Creative Director Niccolò Lapo Latini is taking a dagger to the heart of the ‘American Dream’ in his new visual project.
Does it still make sense to talk about the American dream? Is America still the most powerful country and an icon of freedom? These are the questions artistic polymath and Italian Creative Director, Niccolò Lapo Latini, seeks to answer in his latest collaborative endeavour.
Partnering up with the revered Liberation France photo reporter Boby Allin for a socio-cultural excursus on the current state of the United States, the pair are fixated on facing the topos of the “American Dream” by debunking the nation’s preconceptions and false appearances in light of the country’s recent election and attempted insurrection at The Capitol. Accompanied by a curious triptych of works by Banksy, modified by the Italian Mixed Artist Rebecca Coltorti under the direction of Latini himself, the artist wants to remind us that, sometimes, not everything is as it seems.
“The American dream has always been a utopia,” says Latini of the project, “also reworked by cinematography, exciting, inspiring, motivating but still a utopia deriving from an important post-war heritage that has placed America as a symbol in the eyes of the whole world of freedom, evolution and hope. The country where success and economic well-being were guaranteed with commitment.”
But how does that hold up in 2021? The auteur is constantly debating the questions he poses, calling into question the authentic mirror of reality at all times. From the collapse of the Twin Towers back in 2001, to far more recent political movements gaining traction under the dubious rule of Donald Trump, all are what Latini deems “questionable facts – that evoke heated dissensions and confrontations, real weaknesses for the United States but they no longer arouse total surprise. They are internal civil ‘conflicts’ and they are not an external threat but they are still the symptom of a mechanism that has not worked for a long time,” he deliberates, meaning the much-revered myth of the ‘American Dream’ “has probably dissolved.”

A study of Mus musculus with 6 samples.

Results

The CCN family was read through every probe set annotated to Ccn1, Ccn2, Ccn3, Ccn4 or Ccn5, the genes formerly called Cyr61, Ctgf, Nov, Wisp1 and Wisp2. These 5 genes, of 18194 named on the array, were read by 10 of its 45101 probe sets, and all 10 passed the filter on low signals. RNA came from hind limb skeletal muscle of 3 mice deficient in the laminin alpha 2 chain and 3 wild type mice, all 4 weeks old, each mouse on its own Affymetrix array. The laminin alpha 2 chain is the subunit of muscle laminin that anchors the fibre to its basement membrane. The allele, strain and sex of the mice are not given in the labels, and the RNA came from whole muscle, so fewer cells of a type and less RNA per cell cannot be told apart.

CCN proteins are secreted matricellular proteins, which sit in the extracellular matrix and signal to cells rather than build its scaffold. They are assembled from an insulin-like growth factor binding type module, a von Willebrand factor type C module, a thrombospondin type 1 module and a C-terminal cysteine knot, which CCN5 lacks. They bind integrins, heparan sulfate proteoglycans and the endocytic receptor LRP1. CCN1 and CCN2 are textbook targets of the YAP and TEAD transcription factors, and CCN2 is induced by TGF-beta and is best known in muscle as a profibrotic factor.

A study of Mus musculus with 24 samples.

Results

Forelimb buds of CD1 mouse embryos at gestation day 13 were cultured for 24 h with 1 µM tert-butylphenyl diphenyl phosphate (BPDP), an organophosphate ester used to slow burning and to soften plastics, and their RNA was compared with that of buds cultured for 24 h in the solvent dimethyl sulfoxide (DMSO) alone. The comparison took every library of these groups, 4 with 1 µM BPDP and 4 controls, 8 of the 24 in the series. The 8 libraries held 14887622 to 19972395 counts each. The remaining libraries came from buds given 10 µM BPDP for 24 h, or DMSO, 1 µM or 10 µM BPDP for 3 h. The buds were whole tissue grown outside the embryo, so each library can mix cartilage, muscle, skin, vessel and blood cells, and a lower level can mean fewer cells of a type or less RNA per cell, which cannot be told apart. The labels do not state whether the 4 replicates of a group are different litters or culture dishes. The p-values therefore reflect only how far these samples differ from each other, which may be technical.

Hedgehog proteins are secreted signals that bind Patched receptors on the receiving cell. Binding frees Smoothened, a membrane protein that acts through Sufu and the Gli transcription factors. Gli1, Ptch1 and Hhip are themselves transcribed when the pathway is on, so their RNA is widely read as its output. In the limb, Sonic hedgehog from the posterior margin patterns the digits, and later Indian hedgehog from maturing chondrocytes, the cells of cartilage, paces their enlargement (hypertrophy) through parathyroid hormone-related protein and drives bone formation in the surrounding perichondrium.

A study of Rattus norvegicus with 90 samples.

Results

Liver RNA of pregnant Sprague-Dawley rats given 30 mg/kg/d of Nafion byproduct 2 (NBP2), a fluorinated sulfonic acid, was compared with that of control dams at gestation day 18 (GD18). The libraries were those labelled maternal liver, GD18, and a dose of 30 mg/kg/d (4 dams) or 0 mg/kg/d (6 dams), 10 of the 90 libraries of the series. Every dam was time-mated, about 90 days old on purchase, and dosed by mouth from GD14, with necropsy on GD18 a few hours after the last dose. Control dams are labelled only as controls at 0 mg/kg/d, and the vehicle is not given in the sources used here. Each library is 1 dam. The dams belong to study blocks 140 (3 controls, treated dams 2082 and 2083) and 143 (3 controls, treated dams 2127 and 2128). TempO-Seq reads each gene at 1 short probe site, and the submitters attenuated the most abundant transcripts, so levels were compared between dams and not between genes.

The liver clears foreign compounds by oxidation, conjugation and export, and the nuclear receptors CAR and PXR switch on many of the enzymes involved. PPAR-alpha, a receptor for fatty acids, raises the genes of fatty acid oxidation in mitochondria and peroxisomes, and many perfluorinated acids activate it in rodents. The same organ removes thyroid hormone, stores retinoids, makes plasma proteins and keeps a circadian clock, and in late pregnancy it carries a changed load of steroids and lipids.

Boby Allin is similarly prophetic about the future of the world’s Western superpower: “I don’t see how things can remain the same after what we experienced with Donald Trump.” The rise of the far-right and even Trump’s own election profoundly shook Allin’s world view, bringing a darker side of politics previously relegated to internet forums and Fox News straight onto our Twitter feeds. “No one would think of [Trump] as the President 2 years before,” he argues of the countries paradoxical nature. Allin’s scepticism is, however, slightly curbed by Biden’s election and the alleged triumph of democracy this past December. “We can now hope again for a brighter future, in terms of social matters at least, and health politics.”
Circling back to Latini’s visual project, completed with the talented Rebecca Coltorti, “it seemed to me the most direct way to represent the current situation in the United States combined with a possible prediction about the country’s future,” says Latini. “We have used the American flag, which has always been a symbol of freedom and progress, placing it in very specific contexts and in different conditions. A phase of decay – a phase of annihilation – a phase of restructuring. It is not a definitive, completed work but a provocation launched to the public and a parenthesis left open.”
Ultimately, Latini’s goal is to exploit the narrative potential of his photos, provoking the sensitivity of the public in the process as he tackles themes of representation, fake news, and the impossibility of deciphering between what’s real and imagined.